If you are creating an estate plan in Florida that includes a will, you will need to name an executor. An executor has a number of responsibilities, including collecting and safeguarding your assets, paying taxes and distributing assets to beneficiaries.

Appointing co-executors

You should try to appoint an executor who is likely to outlive you. If you are naming a spouse or someone else close to your age, you might want to consider appointing a co-executor. This could be another family member, such as an adult child, or it might be a professional, such as an attorney. You may want to periodically review your will to determine if you need to change the executor.

When an executor cannot serve

In some cases, an executor might be unwilling to fulfill their duties. A person cannot serve as executor following a felony conviction or if the court believes there is a conflict of interest. A court must issue a document called “letters testamentary” before anyone can take further action as an executor.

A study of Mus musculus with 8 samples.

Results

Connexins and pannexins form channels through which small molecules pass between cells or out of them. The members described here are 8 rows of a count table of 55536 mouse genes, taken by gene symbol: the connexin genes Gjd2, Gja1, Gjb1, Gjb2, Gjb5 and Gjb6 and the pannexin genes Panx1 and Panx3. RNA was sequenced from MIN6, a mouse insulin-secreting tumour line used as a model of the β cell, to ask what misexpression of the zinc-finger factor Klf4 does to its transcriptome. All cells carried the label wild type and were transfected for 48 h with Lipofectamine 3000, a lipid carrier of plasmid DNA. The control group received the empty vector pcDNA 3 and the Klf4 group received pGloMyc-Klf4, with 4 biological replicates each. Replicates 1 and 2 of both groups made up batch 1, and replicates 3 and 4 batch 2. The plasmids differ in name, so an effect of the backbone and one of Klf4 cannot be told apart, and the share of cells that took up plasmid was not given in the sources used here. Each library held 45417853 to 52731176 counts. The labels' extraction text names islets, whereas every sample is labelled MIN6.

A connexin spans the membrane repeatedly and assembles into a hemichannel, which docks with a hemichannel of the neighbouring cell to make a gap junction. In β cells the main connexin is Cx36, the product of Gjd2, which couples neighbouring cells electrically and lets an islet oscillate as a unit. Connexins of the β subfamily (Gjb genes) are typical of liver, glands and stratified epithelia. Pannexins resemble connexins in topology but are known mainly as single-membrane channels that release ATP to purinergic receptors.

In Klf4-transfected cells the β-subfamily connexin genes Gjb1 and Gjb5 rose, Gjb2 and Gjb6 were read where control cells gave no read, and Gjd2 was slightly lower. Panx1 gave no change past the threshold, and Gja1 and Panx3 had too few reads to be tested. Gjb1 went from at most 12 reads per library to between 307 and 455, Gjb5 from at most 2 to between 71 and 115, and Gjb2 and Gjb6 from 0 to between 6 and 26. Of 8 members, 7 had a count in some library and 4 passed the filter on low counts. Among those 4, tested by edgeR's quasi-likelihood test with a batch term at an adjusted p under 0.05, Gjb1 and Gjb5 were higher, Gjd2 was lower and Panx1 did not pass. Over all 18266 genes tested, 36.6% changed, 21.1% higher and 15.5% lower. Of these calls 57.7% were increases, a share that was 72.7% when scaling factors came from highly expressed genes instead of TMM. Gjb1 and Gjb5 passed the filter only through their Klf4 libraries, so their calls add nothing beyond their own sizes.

A court-appointed executor

If an executor has died, cannot serve or dies during the probate process and there is not a co-executor or a successor executor, the court may appoint one. It is usually the responsibility of the deceased executor’s attorney to prepare and turn over the estate to the new executor.

The person chosen as executor is not required to have legal or financial expertise, but they should be trustworthy and reasonably organized. The executor may also need to be someone who can manage family conflict. If your estate includes one or more trusts, depending on their complexity, it might be necessary to have a professional as trustee or co-trustee. You may also need to appoint people to take over financial and medical decision-making for you if you become incapacitated.